The Character of Macduff Kenneth Deighton. Throughout the play Macduff shows himself to be possessed of great energy. Except when deeply moved, he is a man of very few words.


Though he speaks in this manner, yet we may infer from his subsequent conduct that he had also strong suspicions of Macbeth.

The slaying of the grooms was a shock to him. He does not go to the coronation, neither will he visit the King even when he receives a direct invitation to do so: That he is impulsive, acts on the spur of the moment and without any consideration for the results, is clearly shown in his flight into England.

Up to this point he has been careful in all his proceedings. Now, without the slightest warning, he leaves his wife and little ones at the mercy of Macbeth.

It is very difficult to account for his conduct in this matter. By some it has been ascribed to cowardice; but his actions, especially towards the end of the play, prove him to be anything but cowardly.

His wife does not understand his conduct: He loves us not; He wants the natural touch: Perhaps he suddenly discovers that unless he takes to immediate flight his life is in great danger. The exigencies of his case prevent him taking his wife and children with him. He will not be able to protect them even if he remains; but by obtaining help from England he may be able to rescue them, as well as others of his fatherland, from the hands of the usurper.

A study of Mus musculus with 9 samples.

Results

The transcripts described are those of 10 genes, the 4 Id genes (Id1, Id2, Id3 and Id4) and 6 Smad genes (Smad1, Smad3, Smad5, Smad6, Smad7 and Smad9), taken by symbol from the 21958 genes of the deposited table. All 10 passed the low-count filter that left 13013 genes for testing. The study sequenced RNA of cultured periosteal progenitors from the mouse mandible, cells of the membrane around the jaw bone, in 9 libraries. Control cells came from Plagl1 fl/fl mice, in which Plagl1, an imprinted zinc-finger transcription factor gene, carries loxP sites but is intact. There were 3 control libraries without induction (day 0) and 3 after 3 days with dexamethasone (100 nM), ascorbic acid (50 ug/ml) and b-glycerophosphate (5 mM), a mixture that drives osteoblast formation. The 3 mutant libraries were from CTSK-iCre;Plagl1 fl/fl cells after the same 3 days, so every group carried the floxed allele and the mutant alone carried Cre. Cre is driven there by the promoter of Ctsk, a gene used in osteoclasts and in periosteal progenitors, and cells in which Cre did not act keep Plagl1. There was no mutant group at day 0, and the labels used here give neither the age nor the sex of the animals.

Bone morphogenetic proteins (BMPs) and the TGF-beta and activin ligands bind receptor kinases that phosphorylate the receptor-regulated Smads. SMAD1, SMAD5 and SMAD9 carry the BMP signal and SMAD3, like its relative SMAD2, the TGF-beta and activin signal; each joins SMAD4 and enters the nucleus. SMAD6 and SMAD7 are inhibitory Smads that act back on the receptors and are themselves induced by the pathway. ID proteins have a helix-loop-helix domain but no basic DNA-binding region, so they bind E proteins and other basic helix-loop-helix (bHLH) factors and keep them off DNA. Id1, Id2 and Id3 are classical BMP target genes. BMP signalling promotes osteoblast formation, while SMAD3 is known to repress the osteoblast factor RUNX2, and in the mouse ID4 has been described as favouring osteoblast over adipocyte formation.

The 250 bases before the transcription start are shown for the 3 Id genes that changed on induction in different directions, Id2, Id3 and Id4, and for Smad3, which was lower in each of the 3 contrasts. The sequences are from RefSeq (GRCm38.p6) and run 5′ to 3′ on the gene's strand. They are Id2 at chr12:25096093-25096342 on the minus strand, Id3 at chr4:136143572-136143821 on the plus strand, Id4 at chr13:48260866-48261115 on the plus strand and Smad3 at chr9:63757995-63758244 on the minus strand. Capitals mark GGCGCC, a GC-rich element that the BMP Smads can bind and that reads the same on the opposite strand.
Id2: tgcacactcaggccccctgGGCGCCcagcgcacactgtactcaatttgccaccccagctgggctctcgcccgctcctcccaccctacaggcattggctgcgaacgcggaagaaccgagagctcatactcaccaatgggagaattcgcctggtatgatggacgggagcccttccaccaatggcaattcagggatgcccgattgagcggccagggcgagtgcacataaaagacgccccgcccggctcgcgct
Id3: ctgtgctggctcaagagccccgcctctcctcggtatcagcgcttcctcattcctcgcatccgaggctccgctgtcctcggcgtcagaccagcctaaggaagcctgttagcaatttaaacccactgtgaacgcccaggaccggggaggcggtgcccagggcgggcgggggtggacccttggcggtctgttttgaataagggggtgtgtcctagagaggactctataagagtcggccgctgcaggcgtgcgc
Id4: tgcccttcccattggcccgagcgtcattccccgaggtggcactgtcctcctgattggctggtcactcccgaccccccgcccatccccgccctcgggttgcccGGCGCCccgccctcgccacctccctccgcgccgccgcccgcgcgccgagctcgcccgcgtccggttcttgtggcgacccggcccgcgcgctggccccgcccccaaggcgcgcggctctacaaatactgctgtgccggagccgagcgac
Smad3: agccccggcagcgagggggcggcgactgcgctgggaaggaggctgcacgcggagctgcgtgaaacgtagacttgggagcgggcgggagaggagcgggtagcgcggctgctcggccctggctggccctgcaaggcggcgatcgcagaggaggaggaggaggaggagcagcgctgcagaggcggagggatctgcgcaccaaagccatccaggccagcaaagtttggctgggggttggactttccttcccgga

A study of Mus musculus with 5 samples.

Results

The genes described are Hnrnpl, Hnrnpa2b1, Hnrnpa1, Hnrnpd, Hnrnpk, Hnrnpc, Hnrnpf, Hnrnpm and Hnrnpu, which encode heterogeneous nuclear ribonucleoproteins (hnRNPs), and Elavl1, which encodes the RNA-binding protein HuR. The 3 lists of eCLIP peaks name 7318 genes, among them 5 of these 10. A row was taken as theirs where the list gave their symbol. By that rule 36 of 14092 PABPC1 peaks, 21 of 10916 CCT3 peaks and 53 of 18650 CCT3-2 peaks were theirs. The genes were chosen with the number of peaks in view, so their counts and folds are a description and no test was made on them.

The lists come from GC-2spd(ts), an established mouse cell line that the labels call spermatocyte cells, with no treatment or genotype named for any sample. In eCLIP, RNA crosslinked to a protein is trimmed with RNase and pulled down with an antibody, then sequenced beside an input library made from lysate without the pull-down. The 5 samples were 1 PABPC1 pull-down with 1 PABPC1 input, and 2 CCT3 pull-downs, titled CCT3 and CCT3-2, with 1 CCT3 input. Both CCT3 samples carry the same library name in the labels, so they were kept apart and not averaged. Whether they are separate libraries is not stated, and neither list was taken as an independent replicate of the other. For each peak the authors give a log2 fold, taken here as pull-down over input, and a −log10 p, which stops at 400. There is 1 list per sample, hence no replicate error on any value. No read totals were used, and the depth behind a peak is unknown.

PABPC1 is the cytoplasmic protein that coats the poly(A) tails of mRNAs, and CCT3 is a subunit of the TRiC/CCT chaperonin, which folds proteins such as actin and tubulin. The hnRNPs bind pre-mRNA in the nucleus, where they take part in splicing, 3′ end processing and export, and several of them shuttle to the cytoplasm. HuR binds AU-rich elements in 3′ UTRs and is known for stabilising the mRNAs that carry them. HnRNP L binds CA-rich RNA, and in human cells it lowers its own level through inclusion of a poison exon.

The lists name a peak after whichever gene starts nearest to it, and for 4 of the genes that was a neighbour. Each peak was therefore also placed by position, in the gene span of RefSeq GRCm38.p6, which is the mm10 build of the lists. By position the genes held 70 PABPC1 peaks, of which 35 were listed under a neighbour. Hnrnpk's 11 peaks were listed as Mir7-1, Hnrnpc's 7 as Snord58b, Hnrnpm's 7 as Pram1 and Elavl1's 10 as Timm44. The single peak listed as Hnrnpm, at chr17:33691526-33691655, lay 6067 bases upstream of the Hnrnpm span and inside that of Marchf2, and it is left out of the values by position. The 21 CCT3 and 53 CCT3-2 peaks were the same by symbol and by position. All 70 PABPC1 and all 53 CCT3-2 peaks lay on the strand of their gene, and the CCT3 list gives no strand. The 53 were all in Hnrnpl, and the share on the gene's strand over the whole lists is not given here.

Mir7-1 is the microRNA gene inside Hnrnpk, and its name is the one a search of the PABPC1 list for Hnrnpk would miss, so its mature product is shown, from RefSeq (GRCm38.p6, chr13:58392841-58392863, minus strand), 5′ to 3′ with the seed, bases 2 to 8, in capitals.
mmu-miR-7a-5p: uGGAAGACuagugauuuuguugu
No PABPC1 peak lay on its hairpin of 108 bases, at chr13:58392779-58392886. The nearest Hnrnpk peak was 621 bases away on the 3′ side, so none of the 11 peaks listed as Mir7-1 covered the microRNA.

At the time of his flight he has not the slightest idea that Macbeth will be so cruel as to put his family to the sword. When he reaches England, he finds that his greatest obstacle is Malcolm. This prince has become very suspicious, and looks upon him as a spy. He protests the honesty of his intentions, and that he is not treacherous; but it is all to no purpose.

His genuine outburst of grief for his country, handed over to tyranny, raises some doubt in the mind of Malcolm. The latter then puts him to a severe test.

Malcolm declares himself to be a monster from whom any country would be thankful to escape. Nay, had I power, I should Pour the sweet milk of concord into hell, Uproar the universal peace, confound All unity on earth. He is completely unnerved at this list of horrors, and he gives up all hope for his country: These evils thou repeat'st upon thyself Have banished me from Scotland. My breast, Thy hope ends here! This genuine show of patriotism disarms Malcolm's suspicions, and henceforward they work together for the rescue of their country.

Can you provide a character sketch of Macbeth?

The outburst of his emotion on the receipt of the news of the massacre of his family proves that he was not devoid of natural affection.

All my pretty ones? Did you say all? What, all my pretty chickens and their dam At one fell swoop?

Dispute it like a man. I shall do so; But I must also feel it as a man: I cannot but remember such things were, That were most precious to me. How to cite this article: With an Introduction and Notes.